Bernard a. Drew: Hoosac Tunnel offered quite the core sample


GREAT BARRINGTON >> Geologists trying to figure out our underlying rocks, more than a century and a half ago, worked with what they could see. James Dwight Dana (1813-1895) of Yale, for example, gleaned considerable information about gneiss, schist and quartzite strata in Great Barrington in 1877 thanks to what he found in a quarry. Monument Mountain in Great Barrington, an inverted tectonic burp, shows itself off well and T. Nelson Dale (1845-1937) of Williams College wrote an informed paper about it in 1895.

Harvard University minerologist John Eliot Wolff (1857-1940) took advantage of construction of the Hoosac Tunnel between Florida and North Adams to look for clues to the structure of Hoosac Mountain.

Born in Montreal, Wolff graduated from Harvard in 1879 and earned his Ph.D there a decade later. He taught at the institution starting in 1923, taking time off to work for the U.S. Geological Survey and to lead the Mineralogical Society of America. He was curator of the Museum of Natural History. He also taught petrography, the microscopic examination and classification of rocks.

Wolff came to North Berkshire in 1895. As The Transcript reported Oct. 12: "A party of geological students from Harvard university came to North Adams yesterday with Prof. J.E. Wolff of the United States geological survey to study the geology of Hoosac mountain, and especially the interesting structures shown by the accumulation of rock which was drawn from the central shaft of the Hoosac tunnel."

The tailings from that vertical bore constituted an enormous core sample.

Continued the newspaper: "There were fourteen in the party, some of whom arrived on the 1.29 p.m. train and the others on the 8 o'clock evening train. One of those who came in the afternoon took quite a tramp before night, going some distance up the mountain to the northwest of the town and then crossing the valley, and going up to the 'Bellows Pipe.'"

This scholar was obviously looking to brownie-up to his teacher.

"The party stopped at the Mansion house," — the four-story Mansion House was on State Street near the union depot — "and this morning they left on the 9.15 car for Adams, intending to walk over Hoosac mountain."

Mountain exposed

The 4.75-mile Hoosac Tunnel, 24 years in construction, bore through Hoosac Mountain, which "has two crests or summits with a valley between them," Scribner's magazine said in December 1870. "The Hoosac river washes the western base and the Deerfield River the eastern; and it is a curious fact that these rivers are at precisely the same height above tide-water, making it necessary to enter the mountain on each side at exactly the same elevation. Most of the tunnels heretofore built are upon an ascending grade; and it is necessary that there should be some descent in order that the water, which is usually met with in large quantities, may be carried off. In this case the only method of securing proper drainage was to have a summit at the centre, from which the grade should descend to either portal. Accordingly the grade rises about twenty feet in a mile toward the summit level in the heart of the mountain. But this manner of constructing the tunnel" — laborers simultaneously worked from each end to the center, and from the center toward each end — increased the difficulties of ventilation...."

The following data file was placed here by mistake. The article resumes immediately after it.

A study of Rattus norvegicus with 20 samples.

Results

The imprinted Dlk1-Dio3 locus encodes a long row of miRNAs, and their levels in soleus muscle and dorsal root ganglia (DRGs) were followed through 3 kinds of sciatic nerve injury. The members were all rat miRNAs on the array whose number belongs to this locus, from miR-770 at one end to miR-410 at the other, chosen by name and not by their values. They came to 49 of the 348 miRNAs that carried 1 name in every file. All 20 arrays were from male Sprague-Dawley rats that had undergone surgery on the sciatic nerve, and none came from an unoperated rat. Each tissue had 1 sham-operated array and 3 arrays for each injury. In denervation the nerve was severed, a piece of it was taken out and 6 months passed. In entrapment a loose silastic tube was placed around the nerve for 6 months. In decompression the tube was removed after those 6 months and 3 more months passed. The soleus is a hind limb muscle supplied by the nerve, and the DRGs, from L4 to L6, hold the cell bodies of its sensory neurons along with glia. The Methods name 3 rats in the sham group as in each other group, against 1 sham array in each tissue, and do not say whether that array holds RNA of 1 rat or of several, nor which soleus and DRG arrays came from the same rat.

Thus the central shaft, after the tunnel was completed, served as a giant vent.

Wolff reported in Geology of the Green Mountains in Massachusetts, "The rocks of this region are thoroughly crystalline, but little trace remaining in general of their original elements, whether of detrital or eruptive origin, but the bedding corresponding to the original planes of deposit is well marked, and, under the proper conditions, we can therefore determine the order of succession."

He said, "The basement rock is a coarse granitoid gneiss, forms the core of Hoosac mountain proper, occupying the surface of the mountain for several miles, then disappearing below the overlying rock, but cut in Hoosac tunnel for nearly 5,000 feet; hence this rock figures prominently in the dumps of the tunnel shafts." Above this there was considerable Stamford granite, also colorless feldspar, black mica and quartz, the latter "characteristically blue, but when crushed by pressure in the rock is often white or sugary in appearance."

The geologist said information is inconclusive, but the mountain may have been "an eruptive granite modified by metamorphism. On the other hand, its field relations show its close association with and frequent transition into coarse gneisses which seems to form part of a detrital series."

I don't know enough about rocks to interpret what he's saying.

Rock-lover's heaven

"The rocks thrown out from the 'well' shaft, a few hundred feet west of the west shaft of the tunnel," Wolff said, "are typically of this [gneiss] variety. In the hand specimen the rock is a fine grained, evenly banded gray gneiss; the minerals are arranged in layers and the rock is filled with little squarish feldspars."

He also noted Hoosac schists and Rowe schists, Vermont white gneiss quartzite conglomerate, Stockbridge limestone and Hoosac gneisses

Wolff had found a rock-lover's heaven.

Jack Trowill of Berkshire Scenic Railway tipped me off to a fascinating video of the interior of the tunnel. It was made Oct. 25 and on Youtube and is called "Hoosac Tunnel Ride Through — W to E — Infrared Footage - Best known Hoosac Footage!!!"

Bernard A. Drew is a regular Eagle contributor.